Down the Dark Steps

Mr Cionte will never let me put this in, but what's a Black Trail for?

Some days the weirdest nothing can make me cry.

Today my music teacher was showing us how everything depends on the conductor. She showed us Leonard Bernstein on YouTube, the six big notes at the end of the Sibelius 5th, Es-Dur, which I think means 'The Enduring,' and ninety players watching his every breath, looking back and forth from him to their drum or piccolo or French horn or whatever.

My father was suspicious of music in movies, on the soundtrack, unless the people in the movie could hear it too, or they were playing it. He called it Mrs Butterworth, the syrup. Everything tastes great swimming in Mrs Butterworth. How is that better than a laughtrack? But this OK, the Sibelius. I heard it today and I can still hear it, and now I have a chapter with music and a soundtrack!

All the kids were laughing. I was laughing too, how Leonard Bernstein pulls those six big notes out of the sky with just that little white stick, like a magician.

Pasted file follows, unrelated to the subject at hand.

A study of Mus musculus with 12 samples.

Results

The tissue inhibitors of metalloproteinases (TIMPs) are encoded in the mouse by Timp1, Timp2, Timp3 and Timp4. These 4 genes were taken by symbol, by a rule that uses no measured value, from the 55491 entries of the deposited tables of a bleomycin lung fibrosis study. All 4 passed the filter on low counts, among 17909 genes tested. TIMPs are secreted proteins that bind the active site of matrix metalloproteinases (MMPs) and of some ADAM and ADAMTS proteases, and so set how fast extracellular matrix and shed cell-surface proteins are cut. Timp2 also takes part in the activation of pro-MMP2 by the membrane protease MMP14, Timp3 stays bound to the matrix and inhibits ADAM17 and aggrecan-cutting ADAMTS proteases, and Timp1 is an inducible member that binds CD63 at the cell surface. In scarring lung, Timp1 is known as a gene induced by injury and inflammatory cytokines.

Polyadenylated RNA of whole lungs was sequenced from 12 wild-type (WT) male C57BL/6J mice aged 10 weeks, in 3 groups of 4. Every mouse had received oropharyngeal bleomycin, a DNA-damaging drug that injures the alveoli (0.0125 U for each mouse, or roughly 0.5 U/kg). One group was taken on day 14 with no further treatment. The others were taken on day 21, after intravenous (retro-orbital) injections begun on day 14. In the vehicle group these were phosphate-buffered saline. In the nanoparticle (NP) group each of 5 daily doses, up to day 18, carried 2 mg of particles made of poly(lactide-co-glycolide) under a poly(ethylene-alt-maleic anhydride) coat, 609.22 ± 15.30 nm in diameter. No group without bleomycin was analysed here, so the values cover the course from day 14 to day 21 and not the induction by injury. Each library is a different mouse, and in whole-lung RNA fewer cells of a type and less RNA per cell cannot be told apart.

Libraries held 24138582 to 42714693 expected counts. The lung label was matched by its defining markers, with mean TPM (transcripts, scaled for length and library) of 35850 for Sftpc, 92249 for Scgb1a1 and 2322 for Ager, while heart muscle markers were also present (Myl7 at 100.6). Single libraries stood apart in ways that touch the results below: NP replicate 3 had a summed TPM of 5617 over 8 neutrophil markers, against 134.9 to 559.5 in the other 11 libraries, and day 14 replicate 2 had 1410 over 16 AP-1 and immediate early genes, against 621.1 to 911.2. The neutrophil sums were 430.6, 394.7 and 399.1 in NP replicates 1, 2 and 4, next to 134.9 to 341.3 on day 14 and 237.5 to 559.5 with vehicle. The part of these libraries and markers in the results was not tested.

But then I saw his cheeks were wet down in the crags. I saw how old he was. I worried for him, standing up so long while everyone else was sitting. His white hair was huge but thin. It blew around his head like the clouds coming off Mount Everest. Yeah, it was funny but I was crying too, along with him. He knows he will never play these six big notes again. I couldn't look at anyone.

That's when you see you might be different from the other kids, maybe from what happened to you. Maybe I was thinking of my father. His Rachmaninoff in the basement, and maybe Sibelius, I don't know but probably. I could already hear it when I was going down to him, down the dark steps, towards the door at the bottom with light coming out.